BBEIRUT, Lebanon – A former Lebanese lawmaker questioned in the assassination of former Prime Minister Rafik Hariri (search) was released early Wednesday. Investigators were expected to keep interrogating four detained pro-Syrian generals over the slaying.
U.N. investigators leading the probe, aided by Lebanese forensic experts, also visited two Beirut (search) residential apartments on Wednesday possibly used by those who planned the massive Feb. 14 bombing that killed Hariri and 20 others, said a security official who asked not to be identified because of the sensitivity of the case.
Legislator Nasser Qandil (search), a staunch defender of Syria's influence in Lebanon, surrendered Tuesday at the request of U.N. investigators probing the killing. He was released early Wednesday but refused to comment on the probe.
"I don't want to talk about this issue," Qandil told The Associated Press. "The information I gave (the investigators) belongs to the probe."
But a newspaper and television station owned by the Hariri family reported the five were wanted for questioning in connection with a letter Qandil allegedly sent to Syrian leaders, explaining the reasons for getting rid of Hariri.
"(Hariri) was heading for winning a guaranteed majority in parliament that would lead to the withdrawal of the Syrian army from Lebanon," Al-Mustaqbal newspaper and the Future Television quoted the alleged letter as saying.
The newspaper also alleged that the four Lebanese generals had held meetings to prepare for Hariri's assassination and that they inspected the bomb scene on the eve of the attack.
Qandil also declined to comment on the media reports.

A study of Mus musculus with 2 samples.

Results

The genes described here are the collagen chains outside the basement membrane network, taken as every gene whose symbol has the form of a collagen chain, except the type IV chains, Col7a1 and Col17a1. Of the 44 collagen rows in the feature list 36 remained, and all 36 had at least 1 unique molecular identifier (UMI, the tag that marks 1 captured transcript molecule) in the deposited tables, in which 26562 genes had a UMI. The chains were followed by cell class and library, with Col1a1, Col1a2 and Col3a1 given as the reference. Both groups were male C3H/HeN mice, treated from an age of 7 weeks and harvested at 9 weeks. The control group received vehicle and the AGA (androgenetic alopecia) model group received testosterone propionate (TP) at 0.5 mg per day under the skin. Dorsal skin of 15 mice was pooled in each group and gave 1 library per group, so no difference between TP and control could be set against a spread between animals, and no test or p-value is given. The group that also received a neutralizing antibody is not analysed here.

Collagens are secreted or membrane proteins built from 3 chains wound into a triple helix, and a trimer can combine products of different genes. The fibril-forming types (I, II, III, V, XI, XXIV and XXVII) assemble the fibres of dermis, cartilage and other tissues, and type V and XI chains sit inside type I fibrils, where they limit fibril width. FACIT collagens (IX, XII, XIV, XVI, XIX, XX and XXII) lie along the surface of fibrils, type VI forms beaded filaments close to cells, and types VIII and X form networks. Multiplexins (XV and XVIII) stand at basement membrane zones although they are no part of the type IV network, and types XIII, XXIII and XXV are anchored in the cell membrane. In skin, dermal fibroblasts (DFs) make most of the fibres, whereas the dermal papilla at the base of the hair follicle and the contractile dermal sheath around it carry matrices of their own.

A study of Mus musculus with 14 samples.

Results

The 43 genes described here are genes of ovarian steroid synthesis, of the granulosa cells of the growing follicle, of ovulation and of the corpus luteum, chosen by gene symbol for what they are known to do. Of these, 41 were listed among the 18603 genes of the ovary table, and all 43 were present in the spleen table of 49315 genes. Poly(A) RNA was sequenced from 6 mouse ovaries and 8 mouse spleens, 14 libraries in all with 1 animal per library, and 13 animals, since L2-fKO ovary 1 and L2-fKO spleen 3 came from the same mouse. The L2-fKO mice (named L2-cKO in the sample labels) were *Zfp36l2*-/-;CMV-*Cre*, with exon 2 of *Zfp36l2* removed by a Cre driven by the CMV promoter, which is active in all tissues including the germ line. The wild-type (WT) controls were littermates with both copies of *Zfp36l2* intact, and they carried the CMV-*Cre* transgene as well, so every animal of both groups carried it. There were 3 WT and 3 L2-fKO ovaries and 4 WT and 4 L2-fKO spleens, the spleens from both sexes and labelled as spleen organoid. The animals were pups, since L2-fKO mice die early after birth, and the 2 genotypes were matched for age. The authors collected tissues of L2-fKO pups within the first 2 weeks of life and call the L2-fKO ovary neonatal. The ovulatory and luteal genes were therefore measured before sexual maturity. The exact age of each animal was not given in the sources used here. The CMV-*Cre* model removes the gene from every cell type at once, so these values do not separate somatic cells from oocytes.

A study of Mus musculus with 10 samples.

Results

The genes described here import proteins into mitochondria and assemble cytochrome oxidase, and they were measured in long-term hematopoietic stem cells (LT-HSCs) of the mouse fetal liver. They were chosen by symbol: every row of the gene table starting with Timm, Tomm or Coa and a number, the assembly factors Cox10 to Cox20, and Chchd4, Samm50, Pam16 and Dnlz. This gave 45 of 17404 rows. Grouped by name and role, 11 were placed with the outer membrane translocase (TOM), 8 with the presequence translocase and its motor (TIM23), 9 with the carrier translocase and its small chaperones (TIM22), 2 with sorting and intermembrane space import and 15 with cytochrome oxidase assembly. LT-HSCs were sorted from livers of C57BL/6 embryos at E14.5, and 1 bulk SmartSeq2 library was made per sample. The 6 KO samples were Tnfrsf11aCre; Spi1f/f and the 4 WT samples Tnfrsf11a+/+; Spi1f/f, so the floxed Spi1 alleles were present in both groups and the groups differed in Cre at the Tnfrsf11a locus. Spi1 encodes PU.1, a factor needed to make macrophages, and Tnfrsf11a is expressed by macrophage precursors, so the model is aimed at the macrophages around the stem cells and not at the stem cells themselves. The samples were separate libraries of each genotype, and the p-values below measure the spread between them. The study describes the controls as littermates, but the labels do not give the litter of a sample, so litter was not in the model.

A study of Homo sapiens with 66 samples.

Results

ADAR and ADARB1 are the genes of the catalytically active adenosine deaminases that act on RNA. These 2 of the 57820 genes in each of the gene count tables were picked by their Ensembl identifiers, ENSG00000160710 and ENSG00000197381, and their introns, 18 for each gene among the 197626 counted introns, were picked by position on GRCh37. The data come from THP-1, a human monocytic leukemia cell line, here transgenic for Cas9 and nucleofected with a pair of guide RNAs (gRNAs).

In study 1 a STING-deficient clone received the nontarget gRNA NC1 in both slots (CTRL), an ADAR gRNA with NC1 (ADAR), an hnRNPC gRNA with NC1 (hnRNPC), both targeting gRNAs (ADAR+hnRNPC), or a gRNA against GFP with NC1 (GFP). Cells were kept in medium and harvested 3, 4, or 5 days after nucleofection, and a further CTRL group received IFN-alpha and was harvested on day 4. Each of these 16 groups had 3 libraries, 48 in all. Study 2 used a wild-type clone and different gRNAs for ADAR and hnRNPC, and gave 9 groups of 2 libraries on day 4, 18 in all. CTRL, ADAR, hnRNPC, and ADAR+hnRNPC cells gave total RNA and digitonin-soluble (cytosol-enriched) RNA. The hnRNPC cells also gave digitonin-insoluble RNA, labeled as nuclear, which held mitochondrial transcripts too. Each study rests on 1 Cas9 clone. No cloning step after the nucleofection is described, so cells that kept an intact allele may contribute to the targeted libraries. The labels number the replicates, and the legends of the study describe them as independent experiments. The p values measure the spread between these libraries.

The detentions were the first major break in the crime that transformed Lebanon after decades of Syrian control. It also followed the United Nations' naming of Qandil and four pro-Syrian generals — including a close ally of Lebanese President Emile Lahoud — as suspects in Hariri's killing.
The generals spent the night at an eastern Beirut police headquarters, another senior Lebanese security official said on condition of anonymity because he was unauthorized to speak to the media.
U.N. chief investigator Detlev Mehlis sent the generals' files to Lebanese investigating magistrate Elias Eid, said the official. Eid will later decide either to release them, free them on bail, or issue arrest warrants.
U.N. investigators also inspected two apartments in an area south of Beirut and took fingerprints before police detained at least four people for questioning, said a security official.
Lahoud stressed the need for the U.N. commission to uncover the truth about the murder.
"Everybody wanted to know the whole truth based on facts and irrefutable evidence, a truth that would identify and uncover those who masterminded the heinous crime, executed it and supported it," Lahoud said in a statement.
Mehlis is expected to submit a report about his findings in the Hariri inquiry to the U.N. Security Council in mid-September, when his three-month mandate ends, unless he seeks an extension.
Hariri's death sparked mass protests that led to the April withdrawal of thousands of Syrian forces from Lebanon and the ouster of Lebanon's pro-Syrian government. Many Lebanese blamed Syria and its Lebanese allies, particularly members of this country's security apparatus, for the assassination. Both sides have denied such claims.